Back in the mists of time, when .NET was young and new and beloved of enterprise software developers, there was An Idea. Some developers who loved .NET and C#, but also wanted to expand their horizons, tried to take the ecosystem into places where Microsoft did not mean for it to go: onto other platforms; mixing with other systems than Windows, IIS, SQL Server and MSMQ; using libraries beyond the Framework itself and Microsoft’s in-house ORMs and web frameworks. The idea became known as ALT.NET, and the efforts of those who pushed for it were valiant, but they fought against an inexorable tide, and were frustrated.
Many of those developers, disheartened by the inertia and apathy they encountered, sought satisfaction elsewhere in the embrace of more open platforms, and more adventurous communities. Some were seduced by the friendliness of Ruby and the simplicity of Rails. Some saw an opportunity in Node.js. Still others set out to explore the explosion of languages targeting the ostensibly more open JVM. Most of them probably bought MacBooks. The ALT.NET dream flickered, and looked certain to die (although there are still some hold-outs dotted around the world).
But then a funny thing happened. Something long dormant stirred within Redmond; a courageous band of ‘softies decided to fight back against the stagnation of their pool. They wanted to try to win back the hearts and minds of the developers who had forsaken them. They started to build a new .NET: one that could compete with Ruby and Node and Scala and Go; more important still, one that was developed in the open, with contributions from the community. It started with Project K, an attempt to build a version of ASP.NET MVC free from the shackles of the dreaded System.Web, but over time it grew into something more ambitious: a recreation of .NET itself as a cross-platform, open-source framework, with command-line tools and multi-platform editor support.
It has not been plain sailing. The early vision of Node-like simplicity was subsumed by the greater vision of extending the new .NET across the full ecosystem, including old .NET, UWP and Xamarin. There have been more false starts than a Seahawks playoffs run, and it’s still not clear when all the promised pieces will finally be in place. But with the release of Visual Studio 2017 on March 7th, which will surely come with, if not the finished then at least a near-final Release Candidate of, .NET Core 2.0, it looks like we may have a real, stable platform to start pushing forward on.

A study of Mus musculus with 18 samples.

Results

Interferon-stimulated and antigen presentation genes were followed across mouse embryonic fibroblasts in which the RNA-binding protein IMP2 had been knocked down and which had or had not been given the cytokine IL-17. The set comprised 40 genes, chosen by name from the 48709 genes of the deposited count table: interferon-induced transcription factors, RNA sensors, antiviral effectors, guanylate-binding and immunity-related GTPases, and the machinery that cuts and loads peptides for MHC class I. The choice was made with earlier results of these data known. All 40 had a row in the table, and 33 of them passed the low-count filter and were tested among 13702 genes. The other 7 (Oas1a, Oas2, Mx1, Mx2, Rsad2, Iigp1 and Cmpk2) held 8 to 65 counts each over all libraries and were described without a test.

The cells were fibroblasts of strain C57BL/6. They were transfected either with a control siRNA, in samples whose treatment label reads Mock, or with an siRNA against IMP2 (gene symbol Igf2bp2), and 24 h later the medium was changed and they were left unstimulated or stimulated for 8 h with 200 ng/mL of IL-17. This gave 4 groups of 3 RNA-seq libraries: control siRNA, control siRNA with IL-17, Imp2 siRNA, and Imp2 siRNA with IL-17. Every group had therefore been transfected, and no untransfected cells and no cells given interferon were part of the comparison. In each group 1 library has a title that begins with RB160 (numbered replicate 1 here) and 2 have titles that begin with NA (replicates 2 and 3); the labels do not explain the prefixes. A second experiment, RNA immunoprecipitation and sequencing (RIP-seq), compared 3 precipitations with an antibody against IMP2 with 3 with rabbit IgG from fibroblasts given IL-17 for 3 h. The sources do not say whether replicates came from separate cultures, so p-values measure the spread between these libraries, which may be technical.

What better time, then, to revive the spirit of ALT.NET?
And what will ALT.NET look like in 2017?
Here’s my take; I hope to see more and diverse ideas from the community soon.
I want to see .NET applications running in modern, cloud-native environments; on Linux as well as Windows; in Docker Swarms and Kubernetes Clusters and “serverless” platforms; on AWS and Google Cloud and Joyent as well as Azure; on ARM as well as Intel.
I want to see .NET solutions built as microservices and distributed systems, using message buses and distributed caches and Actors and hexagonal architectures, with libraries for every kind of supporting service and infrastructure.
I want to see .NET developers getting as excited about the latest developments in software engineering as their colleagues in other ecosystems; I want to see them working on MacBooks or Linux as well as Windows, using Visual Studio Code or Jetbrains’ Rider as well as Visual Studio 2017.
I want to see C# and F# being used to build things like Redis or Kafka or Elasticsearch, as well as line-of-business applications and apps and games.
I want to see a .NET that isn’t just Microsoft’s; one that has a thriving and motivated community driving it forward, pushing it in new directions, making it do things that nobody thought of before.
So let’s resurrect the ALT.NET idea. Let’s explore what we can do with it, where we can take it, how far we can push it. Let’s run meetups that people want to come to because they’re excited to see what’s happening in our world. Let’s take time to try Nancy instead of MVC, or Postgres instead of SQL Server, or Paket instead of Nuget. Let’s have some fun.